New Biomass Boiler System Shrinks Sanford's Carbon Footprint

Pfizer Global Supply's site in Sanford, N.C., is taking a big step forward in shrinking its carbon footprint through a new biomass boiler system.

The boiler project, which was dedicated in a public ceremony earlier this summer, will use locally produced wood chips and wood waste from logging to generate steam and power later this year, according to John Farmer, Principle Plant Engineer.

"The Sanford Site Energy Team vetted many renewable energy options, including solar photovoltaic, solar thermal, wind and biofuel," Farmer said. "We found that the most promising technology uses woody biomass. North Carolina is rich in forest resources and logging continues to be a major industry in the state. This assures an economical supply of woody biomass without relying on 'crop' fuel."

Once completed, the project will reduce Sanford's carbon footprint by 9,979 metric tons of carbon dioxide (CO2) per year — about 22 percent of the site's total CO2 emissions.

The Sanford site broke ground on the biomass boiler in late 2010. It is slated to start producing steam in November of this year, with electricity generation following in January 2012.

Farmer said the technology was also attractive because biomass boilers behave much like conventional gas-/oil-fired boilers, having a similar turn-down ratio and response time to steam demand.

Biomass fuel is considered carbon neutral. It costs less than half as much as natural gas and one-ninth as much as fuel oil. The project will also benefit from both a North Carolina renewable energy tax credit and a U.S. federal investment tax incentive. Combined, these incentives will offset about 60 percent of the $7.9 million project cost.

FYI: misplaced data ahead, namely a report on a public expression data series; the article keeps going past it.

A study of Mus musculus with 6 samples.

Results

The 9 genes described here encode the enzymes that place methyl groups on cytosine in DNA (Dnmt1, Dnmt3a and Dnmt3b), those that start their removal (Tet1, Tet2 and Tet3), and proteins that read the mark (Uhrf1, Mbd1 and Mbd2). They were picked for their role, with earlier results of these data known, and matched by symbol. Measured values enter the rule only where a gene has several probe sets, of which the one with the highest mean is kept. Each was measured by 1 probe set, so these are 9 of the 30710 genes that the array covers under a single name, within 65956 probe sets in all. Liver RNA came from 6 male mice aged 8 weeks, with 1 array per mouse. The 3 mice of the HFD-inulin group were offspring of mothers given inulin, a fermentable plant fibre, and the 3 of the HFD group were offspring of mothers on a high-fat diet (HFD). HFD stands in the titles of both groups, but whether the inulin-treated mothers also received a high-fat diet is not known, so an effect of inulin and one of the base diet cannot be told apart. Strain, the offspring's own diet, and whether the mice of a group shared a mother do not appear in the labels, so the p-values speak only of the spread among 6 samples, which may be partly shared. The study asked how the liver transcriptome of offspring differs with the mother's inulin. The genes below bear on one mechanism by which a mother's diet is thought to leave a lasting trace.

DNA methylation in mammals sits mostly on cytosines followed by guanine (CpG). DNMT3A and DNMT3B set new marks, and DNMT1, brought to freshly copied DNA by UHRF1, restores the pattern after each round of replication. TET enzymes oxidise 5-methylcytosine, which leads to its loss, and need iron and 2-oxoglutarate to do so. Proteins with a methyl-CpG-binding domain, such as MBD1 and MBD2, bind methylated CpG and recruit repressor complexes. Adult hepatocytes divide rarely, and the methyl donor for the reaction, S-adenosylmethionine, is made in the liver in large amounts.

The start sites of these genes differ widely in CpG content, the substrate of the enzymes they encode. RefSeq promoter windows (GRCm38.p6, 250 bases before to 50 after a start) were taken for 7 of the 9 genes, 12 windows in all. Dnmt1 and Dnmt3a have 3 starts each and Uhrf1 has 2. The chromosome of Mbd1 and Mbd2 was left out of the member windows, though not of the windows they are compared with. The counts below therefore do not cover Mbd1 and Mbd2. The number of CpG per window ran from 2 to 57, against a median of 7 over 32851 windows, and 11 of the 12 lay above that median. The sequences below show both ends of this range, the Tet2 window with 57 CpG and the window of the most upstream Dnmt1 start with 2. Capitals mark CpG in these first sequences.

The entire system will consist of a single 600 horsepower steam boiler producing 325 pounds per square inch of pressure, a 250 kilowatt-per-hour back-pressure steam turbine for generating electricity, a three-day supply fuel storage silo, a reclaimer (to receive biomass from trucks) and a bucket elevator.

Because of its size, the boiler is being erected first, with a building then constructed around it, Farmer said. The silo, which will be capable of containing a three-day supply of fuel, will stand about 85 feet high. The tip of the bucket elevator will be slightly over 102 feet tall, making it the tallest structure on site.

Biomass boilers of various sizes have been deployed at other Pfizer facilities, including Freiburg, Germany; Little Island, Ireland; and Thane, India.